Ah, open offices. A marvel of the modern working world. Open space as far as the eye can see filled with productive, communicating employees who are no longer hindered by the cubicle-style offices depicted in the first The Matrix film. It’s no surprise that some companies (especially startups) list an “open office space” in the perks they offer but as a developer, I don’t get it. As a salesperson, I do.

Like most developers, I enjoy throwing my headphones on, blasting out some music and “getting in the zone” to produce marvellous code that’s going to change the world (or so I like to tell myself). It doesn’t make sense to threaten the flow developers get in to with constant interruptions, peering eyeballs from across the room, and the feeling of permanent surveillance. Most of us are introverts by nature and funnily enough if we can’t get into our zone, we’re not going to be as productive as if we could.

This is why a growing number of tech organisations are turning to remote working. Staff can find an environment that suits them and as long as you’ve hired someone you can trust, you know they’ll deliver results. Opposition to open offices is growing and the proposals to replace them are certainly interesting.

Facebook's open headquarters
Facebook’s shiny “open” headquarters

The real grey area in this whole conversation is where sales floors fit into this new era of office spaces.

We’ve believed for a long time that salespeople are primarily motivated by three things: money, competition, and recognition. You could argue that all of these things can be delivered remotely or to cubicle’s in a Matrix-esque office, but for the extroverted salesperson, is that enough?


Sadly, humans haven’t yet developed the ability to see through walls; a closed plan office would require some creative thinking to ensure the competitive whiteboards of old are fully visible to every salesperson. In an industry dependent on team motivation for maximum productivity, it doesn’t make sense to close salespeople off from one another. Seeing that your coworker just closed a sweet deal and hit his target for the quarter should motivate you to strive for it too (“if they can do it, I can too”). Of course in some individuals it has the inverse effect, but sales is an unforgiving role; it’s down to you how you perceive it.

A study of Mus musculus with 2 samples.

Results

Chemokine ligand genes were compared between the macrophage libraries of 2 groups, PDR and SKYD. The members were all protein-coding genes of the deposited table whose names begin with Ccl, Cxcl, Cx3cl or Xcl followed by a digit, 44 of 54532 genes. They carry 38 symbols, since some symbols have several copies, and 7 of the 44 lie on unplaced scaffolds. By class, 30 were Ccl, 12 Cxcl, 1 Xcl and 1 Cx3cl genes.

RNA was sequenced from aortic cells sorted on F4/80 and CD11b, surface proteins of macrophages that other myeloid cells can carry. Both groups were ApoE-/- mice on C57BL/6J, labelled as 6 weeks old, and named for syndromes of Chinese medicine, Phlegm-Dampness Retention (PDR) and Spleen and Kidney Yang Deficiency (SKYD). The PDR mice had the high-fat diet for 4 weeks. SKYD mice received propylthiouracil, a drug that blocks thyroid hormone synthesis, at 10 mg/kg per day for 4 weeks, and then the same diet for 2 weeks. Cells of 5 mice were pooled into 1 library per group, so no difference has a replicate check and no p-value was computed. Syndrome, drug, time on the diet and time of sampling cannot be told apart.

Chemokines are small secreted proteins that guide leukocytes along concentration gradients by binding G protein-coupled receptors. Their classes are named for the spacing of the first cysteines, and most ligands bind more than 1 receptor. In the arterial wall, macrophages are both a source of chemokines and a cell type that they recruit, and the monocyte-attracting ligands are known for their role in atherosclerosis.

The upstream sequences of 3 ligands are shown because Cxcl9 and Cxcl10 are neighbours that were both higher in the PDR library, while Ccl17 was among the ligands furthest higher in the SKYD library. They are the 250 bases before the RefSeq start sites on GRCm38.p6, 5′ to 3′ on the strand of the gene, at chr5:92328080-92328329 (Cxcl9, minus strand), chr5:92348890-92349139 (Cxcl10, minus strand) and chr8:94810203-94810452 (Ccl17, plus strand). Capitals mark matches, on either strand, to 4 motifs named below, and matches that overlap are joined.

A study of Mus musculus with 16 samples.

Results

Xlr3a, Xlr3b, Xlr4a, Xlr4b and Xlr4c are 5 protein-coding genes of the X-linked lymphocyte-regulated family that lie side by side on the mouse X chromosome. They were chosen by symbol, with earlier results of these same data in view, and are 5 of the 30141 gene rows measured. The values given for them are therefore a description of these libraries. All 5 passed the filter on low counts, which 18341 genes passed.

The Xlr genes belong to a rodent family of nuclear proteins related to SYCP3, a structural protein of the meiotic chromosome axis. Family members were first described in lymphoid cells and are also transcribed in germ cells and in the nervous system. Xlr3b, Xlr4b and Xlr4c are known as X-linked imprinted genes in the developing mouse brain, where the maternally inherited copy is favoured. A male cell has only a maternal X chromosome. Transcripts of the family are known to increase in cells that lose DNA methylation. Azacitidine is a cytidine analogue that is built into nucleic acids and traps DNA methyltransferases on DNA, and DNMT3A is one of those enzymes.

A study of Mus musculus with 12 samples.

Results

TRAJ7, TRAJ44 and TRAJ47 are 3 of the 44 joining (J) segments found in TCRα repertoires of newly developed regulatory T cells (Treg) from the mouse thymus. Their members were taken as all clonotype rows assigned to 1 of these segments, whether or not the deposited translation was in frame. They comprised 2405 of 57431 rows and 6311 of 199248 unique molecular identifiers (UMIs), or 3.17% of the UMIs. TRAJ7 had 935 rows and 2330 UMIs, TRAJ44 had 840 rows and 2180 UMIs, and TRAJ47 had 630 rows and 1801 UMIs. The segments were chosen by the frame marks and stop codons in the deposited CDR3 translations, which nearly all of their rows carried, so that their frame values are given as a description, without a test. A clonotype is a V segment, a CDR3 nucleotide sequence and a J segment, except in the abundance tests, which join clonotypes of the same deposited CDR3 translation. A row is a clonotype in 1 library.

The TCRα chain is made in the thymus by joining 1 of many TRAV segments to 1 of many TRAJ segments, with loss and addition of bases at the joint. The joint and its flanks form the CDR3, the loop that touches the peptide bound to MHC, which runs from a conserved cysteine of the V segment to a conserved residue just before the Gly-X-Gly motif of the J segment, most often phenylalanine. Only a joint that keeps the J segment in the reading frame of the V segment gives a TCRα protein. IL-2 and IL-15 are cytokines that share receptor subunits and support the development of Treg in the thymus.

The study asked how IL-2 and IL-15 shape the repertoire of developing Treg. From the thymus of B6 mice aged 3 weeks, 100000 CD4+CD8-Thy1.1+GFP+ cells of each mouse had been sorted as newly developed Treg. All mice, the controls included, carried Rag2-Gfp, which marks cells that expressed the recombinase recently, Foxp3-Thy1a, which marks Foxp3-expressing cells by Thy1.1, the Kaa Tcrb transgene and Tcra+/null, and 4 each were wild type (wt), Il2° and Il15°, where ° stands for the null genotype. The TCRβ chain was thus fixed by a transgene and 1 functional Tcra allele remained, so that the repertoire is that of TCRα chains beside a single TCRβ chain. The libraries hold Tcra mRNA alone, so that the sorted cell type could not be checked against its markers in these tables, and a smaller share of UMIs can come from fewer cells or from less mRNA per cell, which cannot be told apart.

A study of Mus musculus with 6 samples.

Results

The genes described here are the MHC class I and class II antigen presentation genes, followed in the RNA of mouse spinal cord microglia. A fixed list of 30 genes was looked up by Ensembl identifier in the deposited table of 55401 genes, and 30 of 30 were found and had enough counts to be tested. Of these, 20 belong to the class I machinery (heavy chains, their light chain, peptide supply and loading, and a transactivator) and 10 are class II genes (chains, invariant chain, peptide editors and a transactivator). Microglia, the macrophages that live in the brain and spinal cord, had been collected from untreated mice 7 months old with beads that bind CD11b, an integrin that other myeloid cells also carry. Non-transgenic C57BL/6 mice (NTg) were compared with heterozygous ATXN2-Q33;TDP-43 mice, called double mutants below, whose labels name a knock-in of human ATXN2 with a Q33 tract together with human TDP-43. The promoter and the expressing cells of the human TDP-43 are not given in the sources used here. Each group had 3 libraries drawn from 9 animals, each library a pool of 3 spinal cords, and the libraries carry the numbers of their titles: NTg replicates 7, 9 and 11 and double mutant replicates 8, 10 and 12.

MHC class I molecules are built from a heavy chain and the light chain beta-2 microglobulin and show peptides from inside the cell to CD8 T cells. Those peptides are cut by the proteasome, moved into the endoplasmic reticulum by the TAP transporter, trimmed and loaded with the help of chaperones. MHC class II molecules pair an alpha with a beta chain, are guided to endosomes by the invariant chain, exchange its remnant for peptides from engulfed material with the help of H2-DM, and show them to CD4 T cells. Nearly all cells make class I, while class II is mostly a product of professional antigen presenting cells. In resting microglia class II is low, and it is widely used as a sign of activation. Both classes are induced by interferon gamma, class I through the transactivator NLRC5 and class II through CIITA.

In roles with a slower sales cycle where the role is more value-centric than volume-centric, you could probably get away with a more closed-off space. KPIs aren’t as prominent and the mood isn’t as high energy as you’d expect in your Wolf of Wall Street style office.

Overwhelmingly, open offices are much more beneficial to sales teams.


Competition drives salespeople but being appreciated at work is becoming evermore important. With an influx of younger staff still trying to find their way in the world, assurances they’re doing a good job can lead to them finding their stride and the results fly in. Good luck doing that in a closed space.

Open offices enable whiteboards or sales motivation tools (often TV-based) to reach the entire sales floor. A deal celebration being visible to everyone and the applause or cheers from peers can really help you feel recognised. In a more enclosed space? Maybe from the 2-3 folks that can actually see what you’re doing.


One key criticism of open offices is the constant invasion of privacy. You can be seen from anywhere, your peers can interrupt you at any time and the noise can majorly distract employees from doing the job they’re there to do.

For salespeople, is this really such a bad thing?

Seeing a coworker smashing the phones like a demon posessed can inspire you to try and do the same. It creates a real “social responsibility” within the team, both to yourself and to others. Equally if someone is in a rut, a bit of encouragement on your way to the coffee machine can be what they need to get back into their groove.

We can sympathise with the second point of being interrupted at any time. You’re on a roll and John swings around for his seemingly hourly 5m chat about nothing. This can be damaging to productivity, but if the conversations are collaborative, can be highly useful. It feels a lot less like an invasion of personal space too, something you may feel if someone were to step into your cubicle.

As for the noise – assuming it’s not deafening, it’s a good thing! If you can soak up the energy and immerse yourself in the environment, it has the same effect as the first point – inspiration. For management it keeps everyone bought into the same “sell, sell, sell” mindset which is frowned upon by some, but your job is to make money; anything that helps you do that, take it.

Ultimately open office spaces are not going anywhere due to their cost efficiency and effect on some teams, especially sales-based ones. If your floor isn’t open, we’d love to hear the thinking behind it.